Yawn. Another truck boat. Neither compares to the 1978 FJ45

No womanish accessories like reverse camera, sat nav, Bluetooth or air con. Did have an ashtray.

  1. Buccaneer says:

    Thanks to the climate worriers, it won’t be too long before someone that lives or travels in regional aus will need to buy a US style pick up truck as the euroweenies are banning combustion engined vehicles.

    Ford has basically discontinued everything other than trucks. Other makers going the same way. All you will be able to buy is a signal flare on wheels that will need to use facilities shared with the criminally virtuous https://www.gizmochina.com/2023/05/06/shooting-over-tesla-charging/

  2. Entropy says:


    And I mean it.

  3. Entropy says:

    Also as a work vehicle, I would be more interested in a 70 series comparison.

  4. John of Mel says:

    From the article:

    ‘Toyota has confirmed an extensive development program in Australia for the Tundra pick-up, demonstrating its intention for local development and evaluation experts to re-engineer Tundra in a RHD format and evaluate the vehicle against Australia’s severe local conditions and tough customer use,’

    This always makes me wonder – is this one of those lines that some singer touring Australia would say at a concert? “You are my favourite audience!”
    The US has temperatures ranging from -30 to +50. A lot of people also use them for work, on farms, construction sites, etc. What’s so special about Australian conditions? Bad roads?

  5. Buccaneer says:

    Michigan has plenty of bad roads too

  6. Bruce of Newcastle says:

    Never a day goes by without Newscorpse orifices spruiking EVs.
    It amuses me, and redoubles my intention not to subscribe.

    The one I saw today was this one at the Tele. I was amused, especially as, weirdly, the article isn’t paywalled. Got to make sacrifices I suppose when you’re saving the planet. The thing looks like a small yellow beetle.

  7. C.L. says:

    Most cares nowadays look like beetles or jellybeans.

  8. Tel says:

    It’s bonkers to compare the Tundra to a HiLux when the Tundra is twice the price and not even competing in the same segment of the market.

    Comparing Tundra with the Land Cruiser makes sense. Those two might at least be in the same ballpark. Land Cruiser is a very old V8 design, usually diesel and incredibly well tested and reliable with a vast number of rusted on Australian supporters. The Tundra is a newish V6 petrol, turbocharged up the whazoo to get performance and then with a relatively tiny electric motor which saves you fuel when tooling around in Sydney traffic. The electric motor is only 1/8th power of the V6 and has a smallish NiMh battery pack … obviously not intended for heavy work.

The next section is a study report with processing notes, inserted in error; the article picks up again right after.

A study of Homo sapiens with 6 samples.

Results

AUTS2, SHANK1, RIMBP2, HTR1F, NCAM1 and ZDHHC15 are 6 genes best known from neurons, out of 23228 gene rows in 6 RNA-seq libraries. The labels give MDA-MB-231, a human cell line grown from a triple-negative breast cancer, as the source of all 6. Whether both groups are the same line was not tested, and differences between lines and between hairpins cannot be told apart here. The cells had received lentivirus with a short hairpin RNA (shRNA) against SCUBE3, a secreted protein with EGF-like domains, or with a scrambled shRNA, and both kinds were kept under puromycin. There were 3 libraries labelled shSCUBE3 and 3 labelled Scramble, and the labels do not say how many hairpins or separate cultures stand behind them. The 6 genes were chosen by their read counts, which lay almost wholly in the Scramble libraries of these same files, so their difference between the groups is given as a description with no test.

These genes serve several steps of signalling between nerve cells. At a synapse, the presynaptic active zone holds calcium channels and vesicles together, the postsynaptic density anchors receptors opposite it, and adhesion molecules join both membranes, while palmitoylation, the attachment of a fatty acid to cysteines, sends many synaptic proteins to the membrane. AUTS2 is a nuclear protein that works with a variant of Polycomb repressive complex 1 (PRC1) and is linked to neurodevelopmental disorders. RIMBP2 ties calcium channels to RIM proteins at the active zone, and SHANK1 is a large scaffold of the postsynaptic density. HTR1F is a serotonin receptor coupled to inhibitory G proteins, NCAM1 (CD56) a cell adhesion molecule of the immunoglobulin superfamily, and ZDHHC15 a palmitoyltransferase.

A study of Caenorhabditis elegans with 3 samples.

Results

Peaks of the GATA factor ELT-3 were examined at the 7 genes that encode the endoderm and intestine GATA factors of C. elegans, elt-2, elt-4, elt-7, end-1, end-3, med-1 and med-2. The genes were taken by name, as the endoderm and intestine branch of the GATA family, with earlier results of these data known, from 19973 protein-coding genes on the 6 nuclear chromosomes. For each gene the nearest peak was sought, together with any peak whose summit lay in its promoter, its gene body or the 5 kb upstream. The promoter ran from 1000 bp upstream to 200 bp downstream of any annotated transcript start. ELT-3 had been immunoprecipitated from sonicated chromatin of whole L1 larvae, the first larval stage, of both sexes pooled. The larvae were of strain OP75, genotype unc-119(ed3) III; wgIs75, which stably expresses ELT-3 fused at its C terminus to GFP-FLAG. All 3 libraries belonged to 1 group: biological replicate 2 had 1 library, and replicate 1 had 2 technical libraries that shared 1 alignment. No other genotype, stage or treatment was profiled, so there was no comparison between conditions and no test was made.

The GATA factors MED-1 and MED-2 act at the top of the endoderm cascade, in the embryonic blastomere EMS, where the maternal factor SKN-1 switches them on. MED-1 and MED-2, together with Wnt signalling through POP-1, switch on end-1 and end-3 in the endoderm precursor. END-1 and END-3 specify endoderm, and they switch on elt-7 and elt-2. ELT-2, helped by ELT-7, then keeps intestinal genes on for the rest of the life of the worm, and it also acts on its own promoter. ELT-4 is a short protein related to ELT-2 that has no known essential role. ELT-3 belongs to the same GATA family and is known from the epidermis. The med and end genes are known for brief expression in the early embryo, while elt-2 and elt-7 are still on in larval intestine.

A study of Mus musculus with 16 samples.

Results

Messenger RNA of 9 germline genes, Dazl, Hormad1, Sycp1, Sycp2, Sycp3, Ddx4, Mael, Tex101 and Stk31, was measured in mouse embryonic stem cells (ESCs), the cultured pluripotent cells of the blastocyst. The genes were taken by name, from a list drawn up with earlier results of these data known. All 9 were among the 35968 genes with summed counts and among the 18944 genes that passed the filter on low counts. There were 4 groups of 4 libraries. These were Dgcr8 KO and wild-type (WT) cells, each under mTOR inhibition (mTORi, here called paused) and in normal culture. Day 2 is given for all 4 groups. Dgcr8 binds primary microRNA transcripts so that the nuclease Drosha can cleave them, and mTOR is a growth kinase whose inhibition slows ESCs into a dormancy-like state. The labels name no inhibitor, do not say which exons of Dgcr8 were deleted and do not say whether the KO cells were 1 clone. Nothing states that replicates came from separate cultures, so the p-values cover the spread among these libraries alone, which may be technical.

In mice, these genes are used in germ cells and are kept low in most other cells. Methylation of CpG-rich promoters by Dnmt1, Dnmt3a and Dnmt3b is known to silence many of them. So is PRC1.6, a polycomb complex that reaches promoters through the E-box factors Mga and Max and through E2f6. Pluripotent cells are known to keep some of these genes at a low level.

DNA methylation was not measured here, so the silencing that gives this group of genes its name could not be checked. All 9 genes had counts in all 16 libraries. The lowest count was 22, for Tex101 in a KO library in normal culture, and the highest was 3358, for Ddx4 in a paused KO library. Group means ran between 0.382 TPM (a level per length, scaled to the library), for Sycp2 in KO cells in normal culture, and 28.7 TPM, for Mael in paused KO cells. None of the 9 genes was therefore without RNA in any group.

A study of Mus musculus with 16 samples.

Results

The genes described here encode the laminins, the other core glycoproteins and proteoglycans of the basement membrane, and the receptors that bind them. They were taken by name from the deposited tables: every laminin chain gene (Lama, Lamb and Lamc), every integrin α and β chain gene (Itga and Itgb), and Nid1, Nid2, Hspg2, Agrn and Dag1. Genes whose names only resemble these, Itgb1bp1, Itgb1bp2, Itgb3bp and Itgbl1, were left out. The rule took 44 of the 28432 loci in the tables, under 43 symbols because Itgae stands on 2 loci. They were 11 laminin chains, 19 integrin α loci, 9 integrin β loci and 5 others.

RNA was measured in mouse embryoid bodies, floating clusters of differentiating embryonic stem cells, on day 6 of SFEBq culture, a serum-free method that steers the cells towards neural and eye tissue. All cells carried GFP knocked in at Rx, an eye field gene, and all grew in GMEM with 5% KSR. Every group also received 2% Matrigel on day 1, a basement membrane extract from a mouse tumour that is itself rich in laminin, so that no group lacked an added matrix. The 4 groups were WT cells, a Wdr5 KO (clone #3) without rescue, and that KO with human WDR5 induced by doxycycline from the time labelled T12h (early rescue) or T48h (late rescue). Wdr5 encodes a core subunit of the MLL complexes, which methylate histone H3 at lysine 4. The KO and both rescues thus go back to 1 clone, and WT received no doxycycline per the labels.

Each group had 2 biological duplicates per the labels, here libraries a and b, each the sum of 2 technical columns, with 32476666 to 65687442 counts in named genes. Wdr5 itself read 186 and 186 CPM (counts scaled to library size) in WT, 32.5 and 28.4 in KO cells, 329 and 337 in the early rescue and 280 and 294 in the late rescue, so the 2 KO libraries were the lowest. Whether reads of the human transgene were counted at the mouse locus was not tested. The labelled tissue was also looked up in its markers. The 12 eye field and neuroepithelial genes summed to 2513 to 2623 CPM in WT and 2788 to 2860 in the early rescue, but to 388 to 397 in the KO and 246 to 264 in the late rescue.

It does make sense for Toyota to overlap the old with the new in that way … Scrubby Outback Jack is not even going to notice the Tundra, he already knows the right answer, indeed the only answer, is a Land Cruiser.

    The Tundra is for people who, by either bad luck or poor choice, need to battle the real worst roads in Australia … that being speed humps, roundabouts, and other traffic fungus found in the Inner West of Sydney at peak hour.

  9. C.L. says:

    Exactly, Tel.

    …he already knows the right answer, indeed the only answer, is a Land Cruiser.

    ⬆️ 💯

  10. Buccaneer says:

    Toyota will be forced to stop making Landcruisers, probably Tundras too. Many manufacturers are exploring the market to do factory remanufacture of old models ala Cuba as it’s not clear there will be enough key resources to make money on scaled up electric vehicle production, long term. The auto manufacturers know that lithium batteries are a huge risk with western consumer laws and replacing them often costs a third or more of the total vehicle cost. Mass replacement would put them out of business full stop.

  11. John Brumble says:

    John :
    Combination UV and salt (which occurs further inland than you might suspect) is uniquely Australian. Materials that will last for 25 years in any part of the US (and 50-+ in some) struggle to meet 10 in most Australia urban areas.

    There’s a reason US medics recommend Aus sunscreen and that many international materials standards don’t cut the mustard here.

  12. John of Mel says:

    Thanks John.
    I always thought the salt they put on icy city roads are more damaging for the car metal than salty air. But the UV is pretty bad, true that.
    In reality though, do they do anything apart from minor tweaks to the suspension (and seatbelts) for Australian versions?